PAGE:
For Whitney Brooks, What Started As a Joke Became a Catalyst for Career Change
Whitney Brooks always wanted to work in the nonprofit sector. She studied anthropology in college, received a master’s degree in international development, and was eager to contribute to a whole host of issues, causes, and organizations across the globe. Despite her drive, she was unfulfilled by the day-to-day of her progression of roles at nonprofit organizations.
“Everything I was doing felt low-level,” said Whitney. “I was doing administrative work for much of the time, despite my master’s degree, and I wasn’t being challenged.”
Whitney’s last job in the nonprofit sector was as a program manager and product owner alongside a team of developers. It was through them that she became exposed to web development and Agile development methodology. While she learned a lot from her role, she was continually frustrated by the slow rate of project completion due to the limited developer resources at her organization. She would sometimes joke that she could learn to become a developer in the time that it took her program’s needs to be addressed.
Her good-natured quip soon turned into reality. After a layoff, Whitney reached a breaking point with her feelings of career dissatisfaction. She decided to take the plunge and learn web development. In May 2018, she enrolled in the UC Davis Coding Boot Camp.
Diving in headfirst
“For the past few years I’ve heard a lot about initiatives empowering women and girls to enter tech, but I was still only one of three women in my class,” said Whitney. “I said to myself, ‘I’m 36 and completely starting over—should I just empower myself?’”
Despite being one of the only women and older than the majority of her classmates, Whitney was determined to forge ahead. She was buoyed by the support of her instructor and her TAs—it was evident that they wanted every student to learn as well as they possibly could, and she met a lot of students that she enjoyed working with.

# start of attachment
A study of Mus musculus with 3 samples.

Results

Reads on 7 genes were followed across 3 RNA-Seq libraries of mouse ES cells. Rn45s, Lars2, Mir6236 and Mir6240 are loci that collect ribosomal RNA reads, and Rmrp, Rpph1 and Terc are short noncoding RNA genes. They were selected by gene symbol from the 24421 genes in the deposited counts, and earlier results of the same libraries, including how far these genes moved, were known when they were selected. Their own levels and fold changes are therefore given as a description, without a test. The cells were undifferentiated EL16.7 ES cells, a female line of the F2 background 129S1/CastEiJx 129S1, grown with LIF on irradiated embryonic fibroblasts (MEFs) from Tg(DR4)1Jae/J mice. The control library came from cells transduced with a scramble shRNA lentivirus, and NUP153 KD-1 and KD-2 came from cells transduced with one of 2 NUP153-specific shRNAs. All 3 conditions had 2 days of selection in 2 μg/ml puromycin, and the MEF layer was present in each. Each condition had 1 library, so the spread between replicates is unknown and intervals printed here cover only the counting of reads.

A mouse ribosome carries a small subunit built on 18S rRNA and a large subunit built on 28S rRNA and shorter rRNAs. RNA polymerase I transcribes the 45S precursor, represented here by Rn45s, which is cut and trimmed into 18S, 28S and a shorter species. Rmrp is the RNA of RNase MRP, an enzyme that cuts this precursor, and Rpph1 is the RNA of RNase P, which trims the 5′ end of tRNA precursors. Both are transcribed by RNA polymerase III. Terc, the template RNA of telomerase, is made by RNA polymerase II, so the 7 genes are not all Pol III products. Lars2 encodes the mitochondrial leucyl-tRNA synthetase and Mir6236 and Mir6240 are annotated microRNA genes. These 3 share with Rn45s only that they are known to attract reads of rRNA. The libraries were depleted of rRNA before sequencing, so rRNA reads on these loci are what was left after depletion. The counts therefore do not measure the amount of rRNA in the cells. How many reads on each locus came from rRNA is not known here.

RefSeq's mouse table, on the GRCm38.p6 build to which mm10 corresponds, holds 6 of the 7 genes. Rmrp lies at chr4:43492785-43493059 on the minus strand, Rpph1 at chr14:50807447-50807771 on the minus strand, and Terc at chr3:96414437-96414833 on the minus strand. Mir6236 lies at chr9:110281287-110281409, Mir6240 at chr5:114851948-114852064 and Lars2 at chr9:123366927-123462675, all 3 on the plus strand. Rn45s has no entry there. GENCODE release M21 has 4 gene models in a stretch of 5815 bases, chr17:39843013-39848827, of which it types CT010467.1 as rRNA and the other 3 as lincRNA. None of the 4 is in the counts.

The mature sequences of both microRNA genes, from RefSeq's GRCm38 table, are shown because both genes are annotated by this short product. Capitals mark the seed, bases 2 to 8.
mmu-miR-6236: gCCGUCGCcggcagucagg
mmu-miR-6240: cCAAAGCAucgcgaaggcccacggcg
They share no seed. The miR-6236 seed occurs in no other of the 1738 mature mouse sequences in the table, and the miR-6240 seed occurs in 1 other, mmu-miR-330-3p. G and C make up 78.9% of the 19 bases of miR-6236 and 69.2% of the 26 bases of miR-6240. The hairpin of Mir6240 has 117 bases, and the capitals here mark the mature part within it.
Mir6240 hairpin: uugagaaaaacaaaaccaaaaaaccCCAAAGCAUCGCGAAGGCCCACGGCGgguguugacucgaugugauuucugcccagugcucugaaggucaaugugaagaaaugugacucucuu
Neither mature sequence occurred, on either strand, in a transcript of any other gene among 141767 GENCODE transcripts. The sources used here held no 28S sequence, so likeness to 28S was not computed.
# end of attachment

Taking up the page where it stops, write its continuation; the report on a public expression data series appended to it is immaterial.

It was hard at first for Whitney to acclimate to the fast-paced learning environment of the boot camp. It required her to become comfortable diving into topics headfirst, and often without a lot of context. Of course, this is the design of the boot camp experience. “You just have to start by trying,” said Whitney. “It’s remarkable how most things won’t make sense at all, but after two or three more passes it will start to come together.”
Creating yummy apps
Whitney particularly enjoyed that the boot camp was project-based. She and her group created RoulEats, a play on roulette, an app that allowed users to decide at the click of a button what restaurant to eat at. The app pulled information from Yelp and randomly generated a restaurant within a two-mile radius.
Her next project was also restaurant-related. Whitney and her group partnered with her brother-in-law’s coffee roasting company, Soul Work Coffee. Soul Work Coffee offers a vast selection of specialty roasts that can be overwhelming for those who are not coffee connoisseurs. To help guests decide, the group developed a quiz that could allow users to decide which coffee offering would be the best fit for them based on their likes and dislikes.
Relaunching her career
Whitney now holds a position as a junior developer at Runding Corporation in Sacramento, California, where she works in an interactive development environment to modify and customize project control software for construction companies. Just like at boot camp, the majority of her work is based in experimentation. She continually benefits from her ability to delve deeply into new projects, even if they may seem daunting at first.
“I like my role a lot,” said Whitney. “I nailed the ‘find a job’ dilemma. I’m really looking forward to the coming years where I can get better at being a developer. There’s still so much more to learn.”
Eventually, Whitney hopes to re-enter the nonprofit sector armed with her newfound skillset. But for right now, she’s happy where she is.
Whitney’s advice to those considering boot camp? Do it. Reach out to people like her, women who have empowered themselves to pursue tech. For women in the field, networking opportunities are the most powerful way to succeed.
“Even if you don’t see other women in STEM, know that you can still do it yourself. Don’t be intimidated, because there are plenty of openings and opportunities out there.”